Liliane Leila Juma was given the name Lela by her father but wrote Maison Rouge – her harrowing story of escaping war in the Democratic Republic of Congo – under her middle name Liliane, which had officially become her first name upon crossing into Canada. However, she refers to herself in the story as Leolina, a childhood nickname. Though initially confusing, this multiplicity of naming powerfully communicates the refugee’s geographic and cultural displacement, a theme so important in this autobiography.
Leolina’s story is told in short chapters of succinct vignettes. Vivid imagery shows her once-charmed life as the daughter of a prominent family before the Congo Wars. Bright, colourful, and accessible descriptions of her family home – the titular Maison Rouge – as well as her school life and the fertile land help the reader picture the vibrant and multicultural setting.
Leolina’s voice is that of a young person communicating to a similarly aged readership. This straightforward approach makes her experiences, unimaginable to some, feel very vivid and lived. Stories of young friends turned killers, UN trucks filled with bodies, and lost family members are told with a frankness and honesty, ensuring these haunting events leave a lasting impact on the reader.
There is a danger that comes with books about young African victims of war written for a Western audience: they can easily end up reinforcing Western fantasies of Africa as a continent filled with incomprehensible “savagery.” Maison Rouge avoids this by giving readers a historical, political, and transnational context for the Congo Wars. This is done in part by way of the introduction, written by Kambale Musavuli, spokesperson for the advocacy group Friends of the Congo. More subtly, it comes through in Leolina’s firsthand account of her everyday experiences. By alluding to the global and local forces that set the stage for the disruption of Leolina’s life, the book conveys the complexity of intra-African war without sacrificing the narrative’s quick pacing and youthful voice.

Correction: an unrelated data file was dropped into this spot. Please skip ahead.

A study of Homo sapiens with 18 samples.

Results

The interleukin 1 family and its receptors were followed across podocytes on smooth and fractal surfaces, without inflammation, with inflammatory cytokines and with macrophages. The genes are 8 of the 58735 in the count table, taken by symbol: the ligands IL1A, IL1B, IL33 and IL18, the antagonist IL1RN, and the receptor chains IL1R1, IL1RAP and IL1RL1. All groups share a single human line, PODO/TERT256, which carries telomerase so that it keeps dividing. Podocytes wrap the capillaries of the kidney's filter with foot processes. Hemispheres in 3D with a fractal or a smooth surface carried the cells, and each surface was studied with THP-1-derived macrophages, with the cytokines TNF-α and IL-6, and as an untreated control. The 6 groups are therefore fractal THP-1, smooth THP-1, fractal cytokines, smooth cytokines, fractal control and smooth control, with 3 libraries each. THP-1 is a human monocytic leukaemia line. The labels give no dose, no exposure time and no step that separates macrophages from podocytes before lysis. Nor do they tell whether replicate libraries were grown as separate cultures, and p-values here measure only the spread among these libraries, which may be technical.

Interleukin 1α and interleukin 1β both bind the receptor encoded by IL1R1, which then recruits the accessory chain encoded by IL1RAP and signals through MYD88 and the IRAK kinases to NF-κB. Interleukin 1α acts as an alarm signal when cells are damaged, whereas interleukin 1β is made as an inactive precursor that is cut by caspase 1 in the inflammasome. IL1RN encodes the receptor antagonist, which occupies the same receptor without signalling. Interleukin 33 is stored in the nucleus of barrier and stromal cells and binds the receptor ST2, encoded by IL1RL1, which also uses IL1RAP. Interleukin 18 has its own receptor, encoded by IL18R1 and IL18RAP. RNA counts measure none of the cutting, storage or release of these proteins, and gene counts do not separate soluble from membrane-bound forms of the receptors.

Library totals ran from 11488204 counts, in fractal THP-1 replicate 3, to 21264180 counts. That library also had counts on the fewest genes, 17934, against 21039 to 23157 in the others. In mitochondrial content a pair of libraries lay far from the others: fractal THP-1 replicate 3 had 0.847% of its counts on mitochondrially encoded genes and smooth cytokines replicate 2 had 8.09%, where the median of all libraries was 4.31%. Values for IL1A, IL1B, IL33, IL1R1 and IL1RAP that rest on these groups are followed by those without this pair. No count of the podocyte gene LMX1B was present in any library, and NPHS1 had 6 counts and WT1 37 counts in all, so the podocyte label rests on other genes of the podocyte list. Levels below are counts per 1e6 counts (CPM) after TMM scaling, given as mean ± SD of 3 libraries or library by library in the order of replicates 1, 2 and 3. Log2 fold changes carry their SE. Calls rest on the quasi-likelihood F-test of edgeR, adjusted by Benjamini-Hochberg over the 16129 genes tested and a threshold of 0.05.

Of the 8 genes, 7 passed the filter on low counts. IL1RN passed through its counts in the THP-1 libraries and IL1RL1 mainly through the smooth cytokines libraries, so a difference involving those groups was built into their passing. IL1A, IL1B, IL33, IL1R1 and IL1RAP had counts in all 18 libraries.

Canadian readers should pay special attention to the few moments where Canada, often thought of as a place of civility and peace, appears through the eyes of a young refugee. From the way Leolina describes the Canadian government’s thoughtless discarding of her first name in their official records, to the way she compares her vibrant pre-war life in the Congo to the alienated life she lives in Canada, the book makes clear in simple but powerful ways that the Western world is not as separate from the suffering of African refugees as some of its citizens would like to think.
Just as Musavuli writes that Congo’s youth are determined to transform their nation for the better, Leolina’s book shows the agency of young African refugees, often seen solely as voiceless victims. In writing Maison Rouge, Juma uses her voice to navigate conflict and convey hope to others still struggling, while also educating those lucky enough to not have to face the same kind of turmoil.